At long last, the truth comes out.
Rose does not like turkey, never has.
Actually, I’m not a big fan either. Julie is a vegetarian. Evan will be in Seattle. Steve, Sheridan and Patrick tend to enjoy Food, however it presents itself. Ya-Jhu is also quite agreeable. By the time I cut up Aiden and Peter’s portions, those bitty-bites of meat might just as well be beef, fish, or pork (they are dutifully consumed, the sacrificial slog that must come before the reward--dessert).
But a Traditional Feast has always been weirdly important to me (maybe not so weirdly; I’m haunted by the memories of horrific Thanksgiving dinners cooked by Mom, and have spent my adult life in active opposition to those and most other aspects of my upbringing).
So all these years I’ve been filling the oven with a mammoth, relatively tasteless bird, and I didn’t need to???
It’s OK, truly. My daughter came up with a solid Plan B, still in the poultry family. Rose suggested we fry chicken and serve it with all the other regular trimmings. It does feel strange to be at T-Day Minus 1 without juggling fridge space for a thawing Butterball, but no regrets. I have a great recipe for fried chicken: boneless thighs, marinated in buttermilk and spices, then rolled in flour mixed with some baking powder (yes! And the resulting crust is so tasty you don’t even realize there’s no chicken skin!)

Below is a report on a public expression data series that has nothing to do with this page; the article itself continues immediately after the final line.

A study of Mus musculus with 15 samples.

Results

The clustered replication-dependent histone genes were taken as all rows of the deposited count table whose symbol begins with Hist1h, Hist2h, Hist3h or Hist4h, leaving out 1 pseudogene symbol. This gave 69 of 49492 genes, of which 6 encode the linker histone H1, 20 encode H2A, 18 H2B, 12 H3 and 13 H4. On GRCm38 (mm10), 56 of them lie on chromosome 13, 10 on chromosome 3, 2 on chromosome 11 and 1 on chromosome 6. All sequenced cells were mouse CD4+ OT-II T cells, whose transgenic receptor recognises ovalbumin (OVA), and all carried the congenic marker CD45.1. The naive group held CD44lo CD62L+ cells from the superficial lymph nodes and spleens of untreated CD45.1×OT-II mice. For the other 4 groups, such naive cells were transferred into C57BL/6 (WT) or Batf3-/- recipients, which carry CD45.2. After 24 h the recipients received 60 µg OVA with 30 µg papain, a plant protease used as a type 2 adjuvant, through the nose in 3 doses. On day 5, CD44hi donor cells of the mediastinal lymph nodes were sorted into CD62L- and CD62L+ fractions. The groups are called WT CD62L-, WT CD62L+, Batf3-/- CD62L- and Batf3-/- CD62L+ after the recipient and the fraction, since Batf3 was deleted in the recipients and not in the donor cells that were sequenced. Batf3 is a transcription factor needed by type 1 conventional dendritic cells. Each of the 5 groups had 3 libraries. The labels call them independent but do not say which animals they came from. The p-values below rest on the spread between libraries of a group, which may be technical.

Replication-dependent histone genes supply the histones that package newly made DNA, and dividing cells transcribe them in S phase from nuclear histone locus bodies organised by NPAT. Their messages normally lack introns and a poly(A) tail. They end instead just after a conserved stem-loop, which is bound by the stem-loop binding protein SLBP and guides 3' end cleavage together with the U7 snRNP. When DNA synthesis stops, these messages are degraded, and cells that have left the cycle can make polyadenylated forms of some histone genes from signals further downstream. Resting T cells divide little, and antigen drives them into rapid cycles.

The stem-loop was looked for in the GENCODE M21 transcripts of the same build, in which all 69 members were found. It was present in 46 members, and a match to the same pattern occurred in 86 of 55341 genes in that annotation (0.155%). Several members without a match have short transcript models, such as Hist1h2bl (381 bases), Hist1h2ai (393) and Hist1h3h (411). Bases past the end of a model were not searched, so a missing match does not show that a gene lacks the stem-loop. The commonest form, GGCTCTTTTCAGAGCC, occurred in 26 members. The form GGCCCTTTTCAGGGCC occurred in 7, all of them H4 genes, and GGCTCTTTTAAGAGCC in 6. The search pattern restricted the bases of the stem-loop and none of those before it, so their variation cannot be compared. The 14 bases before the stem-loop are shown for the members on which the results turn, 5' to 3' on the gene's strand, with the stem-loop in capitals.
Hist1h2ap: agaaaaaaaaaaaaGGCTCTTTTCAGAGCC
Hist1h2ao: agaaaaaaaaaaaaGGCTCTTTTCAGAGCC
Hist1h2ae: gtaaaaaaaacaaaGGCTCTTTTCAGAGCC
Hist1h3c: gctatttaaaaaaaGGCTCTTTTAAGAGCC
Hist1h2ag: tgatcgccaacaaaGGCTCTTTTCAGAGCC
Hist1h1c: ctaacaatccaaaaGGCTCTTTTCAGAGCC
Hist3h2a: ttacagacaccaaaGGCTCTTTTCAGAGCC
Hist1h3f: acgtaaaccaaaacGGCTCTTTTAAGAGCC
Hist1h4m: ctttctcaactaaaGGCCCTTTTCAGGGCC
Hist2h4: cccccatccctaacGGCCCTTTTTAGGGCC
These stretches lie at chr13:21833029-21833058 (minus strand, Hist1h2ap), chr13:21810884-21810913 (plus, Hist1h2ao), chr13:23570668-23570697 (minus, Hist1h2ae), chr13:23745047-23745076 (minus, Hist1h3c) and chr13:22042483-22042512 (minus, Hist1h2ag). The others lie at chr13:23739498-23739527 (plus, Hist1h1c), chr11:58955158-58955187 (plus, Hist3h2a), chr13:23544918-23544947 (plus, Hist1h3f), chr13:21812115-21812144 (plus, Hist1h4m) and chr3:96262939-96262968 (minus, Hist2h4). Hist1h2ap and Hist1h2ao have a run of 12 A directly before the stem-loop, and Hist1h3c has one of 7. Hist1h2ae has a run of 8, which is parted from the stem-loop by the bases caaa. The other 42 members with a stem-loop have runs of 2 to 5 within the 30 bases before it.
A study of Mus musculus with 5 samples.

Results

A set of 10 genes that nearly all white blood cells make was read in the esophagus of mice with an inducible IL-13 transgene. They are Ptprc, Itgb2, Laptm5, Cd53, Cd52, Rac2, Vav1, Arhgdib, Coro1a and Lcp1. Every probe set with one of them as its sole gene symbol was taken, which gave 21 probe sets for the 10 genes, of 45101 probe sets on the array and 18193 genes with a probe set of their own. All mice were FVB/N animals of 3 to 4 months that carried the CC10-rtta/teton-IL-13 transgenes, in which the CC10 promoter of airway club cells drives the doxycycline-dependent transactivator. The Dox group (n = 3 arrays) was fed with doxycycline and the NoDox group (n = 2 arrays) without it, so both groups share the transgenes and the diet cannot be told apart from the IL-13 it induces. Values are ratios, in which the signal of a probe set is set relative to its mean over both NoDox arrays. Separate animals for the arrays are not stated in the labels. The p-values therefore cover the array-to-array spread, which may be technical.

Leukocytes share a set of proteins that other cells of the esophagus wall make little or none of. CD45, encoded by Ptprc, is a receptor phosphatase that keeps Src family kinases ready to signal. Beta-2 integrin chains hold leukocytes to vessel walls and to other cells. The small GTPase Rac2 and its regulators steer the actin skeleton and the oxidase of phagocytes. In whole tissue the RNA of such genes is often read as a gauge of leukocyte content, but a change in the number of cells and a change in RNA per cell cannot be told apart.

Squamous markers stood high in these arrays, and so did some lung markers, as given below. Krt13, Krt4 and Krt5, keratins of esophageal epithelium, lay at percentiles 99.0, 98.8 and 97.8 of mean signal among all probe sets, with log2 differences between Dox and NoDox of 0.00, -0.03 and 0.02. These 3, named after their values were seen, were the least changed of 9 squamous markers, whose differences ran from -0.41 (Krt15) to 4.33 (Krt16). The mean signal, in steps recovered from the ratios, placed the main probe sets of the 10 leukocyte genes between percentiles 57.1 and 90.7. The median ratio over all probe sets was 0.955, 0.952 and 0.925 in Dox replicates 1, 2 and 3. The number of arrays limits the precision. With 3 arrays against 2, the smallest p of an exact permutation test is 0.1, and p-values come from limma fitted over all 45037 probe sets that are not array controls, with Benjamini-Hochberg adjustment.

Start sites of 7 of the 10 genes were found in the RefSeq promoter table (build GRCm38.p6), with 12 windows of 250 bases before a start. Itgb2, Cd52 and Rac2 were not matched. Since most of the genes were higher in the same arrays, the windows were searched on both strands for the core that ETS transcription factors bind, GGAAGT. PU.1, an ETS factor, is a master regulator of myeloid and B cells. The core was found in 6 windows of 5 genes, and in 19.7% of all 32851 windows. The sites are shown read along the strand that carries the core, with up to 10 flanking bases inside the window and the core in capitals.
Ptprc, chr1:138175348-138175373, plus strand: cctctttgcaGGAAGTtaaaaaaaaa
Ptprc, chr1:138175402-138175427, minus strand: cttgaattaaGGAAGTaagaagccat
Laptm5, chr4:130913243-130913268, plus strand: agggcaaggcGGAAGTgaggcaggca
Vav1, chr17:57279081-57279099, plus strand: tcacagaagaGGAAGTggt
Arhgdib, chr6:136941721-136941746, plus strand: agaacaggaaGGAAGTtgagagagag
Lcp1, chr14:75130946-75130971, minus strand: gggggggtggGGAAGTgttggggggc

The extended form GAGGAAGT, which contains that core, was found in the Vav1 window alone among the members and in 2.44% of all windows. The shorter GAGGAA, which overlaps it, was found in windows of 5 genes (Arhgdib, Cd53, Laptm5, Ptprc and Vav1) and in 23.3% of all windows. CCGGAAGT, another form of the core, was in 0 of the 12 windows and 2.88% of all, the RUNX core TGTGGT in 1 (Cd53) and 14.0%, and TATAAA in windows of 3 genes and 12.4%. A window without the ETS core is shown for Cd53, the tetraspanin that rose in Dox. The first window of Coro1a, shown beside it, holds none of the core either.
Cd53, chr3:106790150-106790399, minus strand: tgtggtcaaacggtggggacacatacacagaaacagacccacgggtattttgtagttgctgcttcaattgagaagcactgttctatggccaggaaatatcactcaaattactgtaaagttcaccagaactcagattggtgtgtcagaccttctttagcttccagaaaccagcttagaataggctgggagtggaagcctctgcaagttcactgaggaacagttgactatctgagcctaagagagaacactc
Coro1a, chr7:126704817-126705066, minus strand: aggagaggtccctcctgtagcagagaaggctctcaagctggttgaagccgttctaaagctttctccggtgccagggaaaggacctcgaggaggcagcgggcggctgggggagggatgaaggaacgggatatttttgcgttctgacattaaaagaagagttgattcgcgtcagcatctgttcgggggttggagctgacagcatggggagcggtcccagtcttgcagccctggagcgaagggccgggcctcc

Christmas has also evolved over the decades, with multiple church jobs and traveling offspring affecting such things as schedule and manner of gift opening (one year Evan “watched” the unwrapping via FaceTime from Thailand). We’ve been trying to get our annual holiday soup dinner with our dear friends the Carlsons on the calendar (in person after a pandemic hiatus), so far without success. I’m resigned to the strong possibility that this event will be postponed into the new year. And those beloved Seyfried family Christmas benefit concerts? They are definitely a thing of the past.
I’ve been trying to go with the flow, and look at the bright side of all these adjustments—less stress than when the bar is set sky high, as it used to be. I’m trying hard to banish the impulse to take everything ridiculously over the top. A Norman Rockwell Thanksgiving spread would not have cured what ailed my family of origin; neither will my super-efforts magically make everything perfect in the family I’ve helped create. Deep down I know that love is the only truly vital component of all festive family celebrations, as it is of life in general. And I definitely feel the love, no matter the population of our dinner table, and which dishes served.
As President Biden “pardons” Chocolate and Chip (this years’ ceremonial White House gobblers), may I pardon myself. May I set myself free from all the “must dos,” and just enjoy whatever Thanksgiving Day 2022 brings.
But we WILL watch the Macy’s parade. Some things are non-negotiable.